650457
Sale: Triton VII, Lot: 457. Estimate $500. 
Closing Date: Monday, 12 January 2004. 
Sold For $1200. This amount does not include the buyer’s fee.

KINGS of PARTHIA. Phraates IV. 38-2 BC. AR Drachm (3.93 gm). Rhagae mint. Diademed bust left, wart on forehead; Nike flying left behind, crowning him / Degraded legend, Arsakes I seated right on throne, holding bow; monogram below bow. Sellwood 50.15; Shore -; BMC Parthia pg. 131, 255; MACW -. Toned, good VF, reverse double-struck. Rare. ($500)

Ex Harlan J. Berk 20th CICF Auction (23 March 1995), lot 107.

Phraates IV was the second heir to Orodes II, named to succeed his father in the wake of his brother Pakoros’ death. After murdering his father, Phraates purged his brothers and their families. A Parthian noble also under threat from Phraates fled to the west, and in 36 BC successfully appealed to Mark Antony to back him as a rival claimant. Antony led a force of 100,000 men into Parthia, but his overconfident leadership resulted in defeat and the loss of 35,000 men.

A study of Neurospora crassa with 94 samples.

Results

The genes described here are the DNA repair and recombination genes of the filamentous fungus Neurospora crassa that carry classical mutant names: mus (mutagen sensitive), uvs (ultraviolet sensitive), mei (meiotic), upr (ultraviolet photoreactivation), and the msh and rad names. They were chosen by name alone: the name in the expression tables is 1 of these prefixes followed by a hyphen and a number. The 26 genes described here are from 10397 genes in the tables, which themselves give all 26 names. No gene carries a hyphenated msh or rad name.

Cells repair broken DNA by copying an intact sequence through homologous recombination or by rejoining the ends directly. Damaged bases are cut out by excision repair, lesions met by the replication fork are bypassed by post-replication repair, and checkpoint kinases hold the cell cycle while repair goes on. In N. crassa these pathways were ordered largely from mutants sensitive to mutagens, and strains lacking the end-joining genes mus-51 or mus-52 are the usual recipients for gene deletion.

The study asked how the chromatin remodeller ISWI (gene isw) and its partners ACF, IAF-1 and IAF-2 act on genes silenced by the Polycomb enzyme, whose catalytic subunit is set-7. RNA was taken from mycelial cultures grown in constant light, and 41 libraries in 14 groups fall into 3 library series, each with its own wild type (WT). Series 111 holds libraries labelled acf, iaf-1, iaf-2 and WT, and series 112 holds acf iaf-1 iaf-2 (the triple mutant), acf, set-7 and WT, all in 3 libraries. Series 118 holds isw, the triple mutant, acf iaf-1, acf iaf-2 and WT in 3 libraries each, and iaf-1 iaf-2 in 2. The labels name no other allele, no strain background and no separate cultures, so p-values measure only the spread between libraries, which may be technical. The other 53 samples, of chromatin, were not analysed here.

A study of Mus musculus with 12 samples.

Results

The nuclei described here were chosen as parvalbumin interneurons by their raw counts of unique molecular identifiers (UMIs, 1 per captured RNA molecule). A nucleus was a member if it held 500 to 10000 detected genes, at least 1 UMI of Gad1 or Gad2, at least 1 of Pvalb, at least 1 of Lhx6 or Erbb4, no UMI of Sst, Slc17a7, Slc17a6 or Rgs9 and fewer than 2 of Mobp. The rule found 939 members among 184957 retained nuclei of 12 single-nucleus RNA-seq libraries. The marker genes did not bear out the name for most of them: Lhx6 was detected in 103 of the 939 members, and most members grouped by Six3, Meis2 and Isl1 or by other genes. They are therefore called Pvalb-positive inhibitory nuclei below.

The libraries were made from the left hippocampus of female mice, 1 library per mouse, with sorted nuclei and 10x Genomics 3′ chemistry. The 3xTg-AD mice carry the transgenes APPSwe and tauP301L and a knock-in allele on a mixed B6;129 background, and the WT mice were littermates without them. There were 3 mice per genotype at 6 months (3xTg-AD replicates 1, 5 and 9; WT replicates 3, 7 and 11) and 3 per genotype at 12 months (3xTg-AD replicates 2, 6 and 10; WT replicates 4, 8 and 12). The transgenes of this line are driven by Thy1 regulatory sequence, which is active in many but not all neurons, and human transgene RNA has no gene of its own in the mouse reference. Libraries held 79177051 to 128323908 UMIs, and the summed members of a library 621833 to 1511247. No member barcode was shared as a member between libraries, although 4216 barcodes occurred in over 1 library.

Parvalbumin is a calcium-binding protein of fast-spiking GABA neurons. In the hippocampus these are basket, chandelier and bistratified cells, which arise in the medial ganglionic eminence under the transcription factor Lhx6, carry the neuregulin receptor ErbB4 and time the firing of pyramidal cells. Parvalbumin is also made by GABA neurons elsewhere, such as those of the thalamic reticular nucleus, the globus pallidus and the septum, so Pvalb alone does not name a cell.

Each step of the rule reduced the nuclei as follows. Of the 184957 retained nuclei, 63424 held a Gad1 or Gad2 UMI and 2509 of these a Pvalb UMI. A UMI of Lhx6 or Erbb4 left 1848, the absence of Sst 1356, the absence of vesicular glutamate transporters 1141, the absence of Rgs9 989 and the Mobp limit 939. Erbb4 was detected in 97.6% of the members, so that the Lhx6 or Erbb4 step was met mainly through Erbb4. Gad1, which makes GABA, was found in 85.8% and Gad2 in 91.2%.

A few years later, Phraates was embroiled in a civil war with a usurper named Tiridates (see lot 464). Initially forced to flee Parthia, Phraates regouped his forces and re-invaded. Tiridates was forced to seek safety among the Romans, but managed to take with him a favorite son of Phraates. The Romans refused to return this son unless the standards captured from Crassus’ debacle at Carrhae were exchanged for him. Initially rebuked, the Romans, now under Augustus, began preparations (or the appearance of such) for a massive Parthian campaign. Finally, in 20 BC, Phraates agreed, and the exchange was made (an event prominently featured in the coinage of Augustus).

Also included in the exchange was the presentation to Phraates of a slave girl named Musa, who was accompanied by her own son, Phraatakes. In time this concubine became Phraates’ queen. In 10 BC, she persuaded the king to send his own sons to Rome for their “safety”. Cleared of any rivals to her son, she poisoned Phraates in 2 BC, and promoted Phraatakes as his successor.